There was trivia, doll-making and a chocolate marble cake that was gone in minutes. Hundreds of admirers of Jimmy Carter celebrated his 99th birthday in Atlanta on Saturday at the presidential library and museum named for him, after organizers moved the festivities up one day earlier than his actual birthday because of the threat of the government shutdown.
Presidential libraries receive federal funding from the National Archives and Records Administration. During a government shutdown, portions of libraries that are operated by the agency close, while those that are not can stay open with private funding. At least four presidential libraries — for Mr. Carter, Lyndon B. Johnson, Franklin D. Roosevelt and John F. Kennedy — confirmed on Saturday that they would stop operations if lawmakers failed to reach a deal to avert a shutdown.
But at the Carter library in Atlanta, a naturalization ceremony for 99 new American citizens scheduled at the library on Sunday will proceed, said Emily Curl, a museum technician.
The attorney general during the Carter administration, Benjamin Civiletti, is credited with creating the concept of an official government shutdown. During Mr. Carter’s term, lawmakers failed to approve a spending bill that would have allocated more funds to the Federal Trade Commission. The president sought advice from Mr. Civiletti on whether government workers could continue working without funding, and the attorney general called for an official shutdown.
The rescheduled celebration of Mr. Carter’s birthday did not dampen the mood of the party nor the turnout. Outside the library was a Jumbotron display playing birthday wishes from figures including President Biden; Senator Jon Ossoff, Democrat of Georgia; and the Carter Center staff, as well as photos and videos submitted by the public.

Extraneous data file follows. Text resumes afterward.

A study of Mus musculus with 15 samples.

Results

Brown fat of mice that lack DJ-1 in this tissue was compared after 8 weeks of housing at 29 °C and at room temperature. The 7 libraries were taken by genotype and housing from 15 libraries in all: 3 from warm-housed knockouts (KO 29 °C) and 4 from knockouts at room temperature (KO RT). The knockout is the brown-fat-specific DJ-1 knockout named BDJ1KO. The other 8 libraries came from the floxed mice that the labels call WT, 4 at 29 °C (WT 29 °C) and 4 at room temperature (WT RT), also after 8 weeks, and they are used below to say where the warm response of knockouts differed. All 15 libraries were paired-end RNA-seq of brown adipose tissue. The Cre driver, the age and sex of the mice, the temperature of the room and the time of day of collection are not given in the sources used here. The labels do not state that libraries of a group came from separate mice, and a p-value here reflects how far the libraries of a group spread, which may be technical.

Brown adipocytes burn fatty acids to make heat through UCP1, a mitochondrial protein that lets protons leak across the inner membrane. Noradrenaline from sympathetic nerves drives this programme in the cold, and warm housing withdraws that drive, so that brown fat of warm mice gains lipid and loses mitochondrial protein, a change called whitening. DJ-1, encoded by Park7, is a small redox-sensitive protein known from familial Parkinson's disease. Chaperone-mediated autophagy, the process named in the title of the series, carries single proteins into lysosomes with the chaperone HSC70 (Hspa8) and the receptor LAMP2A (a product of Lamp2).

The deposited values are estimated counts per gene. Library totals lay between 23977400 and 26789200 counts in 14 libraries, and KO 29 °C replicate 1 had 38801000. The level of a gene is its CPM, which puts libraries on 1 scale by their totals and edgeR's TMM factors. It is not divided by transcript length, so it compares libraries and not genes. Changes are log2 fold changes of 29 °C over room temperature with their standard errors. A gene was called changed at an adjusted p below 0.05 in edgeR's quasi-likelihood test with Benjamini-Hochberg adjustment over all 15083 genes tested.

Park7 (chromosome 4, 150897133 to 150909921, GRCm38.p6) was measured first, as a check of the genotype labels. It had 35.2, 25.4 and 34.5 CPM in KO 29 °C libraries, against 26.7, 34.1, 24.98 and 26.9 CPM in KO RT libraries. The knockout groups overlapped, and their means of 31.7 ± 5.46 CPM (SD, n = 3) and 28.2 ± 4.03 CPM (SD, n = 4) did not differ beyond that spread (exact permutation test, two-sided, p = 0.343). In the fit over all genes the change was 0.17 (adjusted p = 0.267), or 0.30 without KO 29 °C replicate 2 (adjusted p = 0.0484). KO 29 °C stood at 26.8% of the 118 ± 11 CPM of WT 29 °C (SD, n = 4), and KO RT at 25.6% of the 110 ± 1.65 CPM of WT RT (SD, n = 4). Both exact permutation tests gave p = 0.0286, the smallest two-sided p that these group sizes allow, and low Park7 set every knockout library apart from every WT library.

Cynthia Rice, a volunteer at the library and former director of educational programs for the Carter Center, said the library had expected around 150 visitors, but by midday, 1,000 pins commemorating Mr. Carter’s birthday had been distributed to attendees.
Although partygoers were enjoying the celebration — they wrote birthday cards to Mr. Carter, ate chocolate marble cake and participated in some of Mr. Carter’s childhood activities like making corn husk dolls — some appeared wary of the prospect of a shutdown.
“The growing chasm between the two sides is disheartening,” Ms. Rice said, noting Mr. Carter’s legacy as a compromiser. “We’ve got to get back to being able to talk to one another, listen to different sides and then come up with what’s best for the people.”
Tony Callaway, 78, who was a minister at Mr. Carter’s church in Atlanta, said that “it’s shameful what’s going on.” Mr. Callaway met the former president the Sunday before Mr. Carter was sworn in as governor of Georgia in 1971.
After the House passed a funding measure Saturday afternoon that would keep the government open through mid-November if the Senate also passes it, Tony Clark, head of public affairs at the Carter library, said, “It will be interesting to see what the Senate will do.”
“But if we stay open, we’ll have another party tomorrow,” he said. But there won’t be another cake, according to Ms. Curl.